If something smells fishy, a half bottle of perfume only makes it worse.
Don’t Hold Your Breath for a Solution
⚠️ Use Discretion: Mature subject matter.
As a concerned person, can we speak privately about a problem affecting ladies for a moment? Bacterial vaginosis is not deadly nor contagious but, unfortunately, not pleasant—for the sufferer nor those nearby with functioning olfaction.
In fact, crossing one’s fingers while attempting to mask malodor with perfume can literally take the breath away from neighboring asthma sufferers.  It can make migraine sufferers think they are experiencing a gustatory aura. 
“When you cross your legs, you’re trying to improve the mechanics of the lower back and take the strain off,” says posture expert Dr. Steven Weiniger, author of Stand Taller Live Longer: An Anti-Aging Strategy. Women are taught from an early age to keep their legs crossed regardless of back strain.
Leg crossing keeps curious pre-pubescent boys from discovering the remarkable anatomical differences in their female counterparts. Leg crossing when sitting also trains young women to prevent inappropriate exposure to what’s percolating inside during certain times of the month.
What is bacterial vaginosis? The human body is actually full of bacteria (flora)—some good and some bad. Bacterial vaginosis results from overgrowth of normal bacteria in the vagina. A foul smelling discharge, affecting 29 percent of U.S. women (2001–2004), is the most recognized symptom. Some women experience a fishy smelling thin, grayish white or yellowish vaginal discharge that is more noticeable following copulation. 
The scent is somewhat different from another common infection. With a nonspecific “yeasty odor,” a vaginal yeast infection can produce a substantial white discharge with bits of solid white cotton-like material. This may be accompanied by intense itching.
A vaginal yeast infection often results from contaminating the vagina with fecal matter during intercourse or reverse directional wiping when visiting the toilet. (Always wipe from front to back.)
Diarrhetic splashing has also been known to cause contamination. A slimy yellowish-green vaginal discharge could be a sexually transmitted disease called trichomonas vaginalis.  These three conditions along with others are illustrated and described on the poster, Common Gynecological Disorders.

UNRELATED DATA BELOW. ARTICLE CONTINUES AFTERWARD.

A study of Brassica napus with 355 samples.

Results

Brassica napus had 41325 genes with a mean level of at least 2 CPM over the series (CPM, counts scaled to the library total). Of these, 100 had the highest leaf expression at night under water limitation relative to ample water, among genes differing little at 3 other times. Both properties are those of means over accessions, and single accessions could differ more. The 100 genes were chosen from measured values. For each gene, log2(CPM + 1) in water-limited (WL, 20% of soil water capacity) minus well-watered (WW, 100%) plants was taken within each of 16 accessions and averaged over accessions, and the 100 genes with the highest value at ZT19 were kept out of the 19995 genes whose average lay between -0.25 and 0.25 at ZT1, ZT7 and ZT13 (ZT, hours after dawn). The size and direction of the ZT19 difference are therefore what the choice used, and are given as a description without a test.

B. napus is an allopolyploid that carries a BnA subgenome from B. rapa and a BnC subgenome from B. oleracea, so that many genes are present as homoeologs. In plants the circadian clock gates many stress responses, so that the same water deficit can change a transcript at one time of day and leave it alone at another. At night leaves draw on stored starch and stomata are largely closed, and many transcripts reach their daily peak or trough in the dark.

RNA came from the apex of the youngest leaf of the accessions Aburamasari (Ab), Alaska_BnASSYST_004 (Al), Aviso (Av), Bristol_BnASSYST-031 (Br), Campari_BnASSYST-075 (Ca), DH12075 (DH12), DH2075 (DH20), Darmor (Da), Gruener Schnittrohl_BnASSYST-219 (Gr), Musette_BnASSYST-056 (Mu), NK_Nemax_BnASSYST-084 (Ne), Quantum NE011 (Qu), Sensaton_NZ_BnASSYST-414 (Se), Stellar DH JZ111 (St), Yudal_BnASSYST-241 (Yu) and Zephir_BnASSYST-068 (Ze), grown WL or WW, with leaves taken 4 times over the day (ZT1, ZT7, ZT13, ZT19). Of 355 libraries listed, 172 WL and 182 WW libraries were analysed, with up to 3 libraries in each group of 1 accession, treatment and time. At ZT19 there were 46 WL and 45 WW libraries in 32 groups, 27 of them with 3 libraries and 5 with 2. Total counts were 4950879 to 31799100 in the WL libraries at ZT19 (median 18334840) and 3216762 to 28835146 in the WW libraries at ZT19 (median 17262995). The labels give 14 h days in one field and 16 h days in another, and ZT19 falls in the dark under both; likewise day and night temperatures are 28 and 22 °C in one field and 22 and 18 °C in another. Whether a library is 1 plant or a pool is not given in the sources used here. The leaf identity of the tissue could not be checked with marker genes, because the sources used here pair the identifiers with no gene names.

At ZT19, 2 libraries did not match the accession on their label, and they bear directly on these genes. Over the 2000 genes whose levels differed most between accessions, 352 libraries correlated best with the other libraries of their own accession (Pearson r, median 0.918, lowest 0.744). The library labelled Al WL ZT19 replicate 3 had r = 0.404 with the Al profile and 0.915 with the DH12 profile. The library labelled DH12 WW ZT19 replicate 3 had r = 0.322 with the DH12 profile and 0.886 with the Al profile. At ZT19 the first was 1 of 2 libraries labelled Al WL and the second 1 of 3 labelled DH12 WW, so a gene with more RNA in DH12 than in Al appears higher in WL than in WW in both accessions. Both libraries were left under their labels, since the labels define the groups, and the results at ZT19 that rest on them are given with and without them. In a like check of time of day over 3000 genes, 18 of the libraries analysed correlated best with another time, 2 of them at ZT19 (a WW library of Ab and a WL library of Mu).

Though not a sexually transmitted infection, having bacterial vaginosis can increase a woman’s susceptibility to HIV infection if she is exposed to the HIV virus. It can also increase a woman’s susceptibility to other STIs, such as herpes simplex virus (HSV), chlamydia, and gonorrhea. 
Keep It Pleasant
Bacterial vaginosis is the most common gynecological disorder but researchers are uncertain about exactly what causes it. The condition, which is not transferred to males, is often present among women with multiple sex partners, those with intrauterine devices, woman recently taking antibiotics, those who smoke, or those that douche regularly.  Hence, contrary behavior would seem to minimize the odds.
Two powerful aromas net an overwhelmingly odoriferous concoction.
Women like to smell nice—like flowers even. Cologne and perfume manufacturers bank on it. But combining two powerful aromas nets an overwhelmingly odoriferous concoction. Therefore, masking is, at best, a temporary solution.
Don’t wait for someone else to bring the embarrassing miasma to your attention. This is not exactly what writer Giovanni Arpino nor actor Al Pacino had in mind with Scent of a Woman. 
Crossing Over To Solutions
Quickly getting to the source of the problem is the best solution. A doctor may perform a “whiff test” with potassium hydroxide (KOH) liquid. When a drop of KOH testing liquid used in the whiff test contacts a drop of the discharge from a woman with bacterial vaginosis, a certain fishy odor can result. 
Home remedies to neutralize malodorous bacteria include: eating yogurt, consuming probiotics, swallowing whole garlic cloves, weekly hydrogen peroxide (1 ounce) vaginal irrigation, or boric acid capsules. 
Though there are over-the-counter preparations for yeast infections, bacterial vaginosis is generally controlled with a prescribed antibiotic. (Probiotics are advised following completion of any antibiotic regimen.)
This is prescribed after lab results, so don’t cross your fingers and hope your fetor will dissipate unaided or that no one else notices. Visit your gynecologist regularly and report any unusual symptoms for treatment.
Fish Odor Syndrome
The next possible cause might make you wish bacterial vaginosis is the cause of your odors. This ailment is not limited to females. According to findings in the American Journal of Medicine, “fish odor syndrome,” is a genetic condition called trimethylaminuria (TMAU) that may affect one third of the people who report a fish odor emitting from several bodily locations.
TMAU results from a defect in the normal production of an enzyme named flavin-containing monooxygenase 3 (FMO3).  TMAU hinders the body’s ability to break down trimethylamine (TMA), which is mainly in choline-rich foods such as: 
- Brassicas (brussels sprouts, broccoli, cabbage, cauliflower)*
- Certain legumes (peas, beans, peanuts, soya products)
- Saltwater fish
- Organ meats such as livers, brains, hearts
- Wheat germ
To put it bluntly, when excess TMA builds up in your body, you stink. It is released via sweat, urine and breath of either men or women. TMAU sufferers shower 12 to 15 times a day and typically visit many doctors. Avoidance of specified food triggers helps somewhat.  Trips to an allergist and nutritionist with strict diets may bring the condition under control. 
Make certain residual odor is not lingering in undergarments by using washable panty liners. Try using a natural deodorant. When an unpleasant aroma follows you throughout your day, don’t point fingers. Take action to refresh yourself and remain healthy.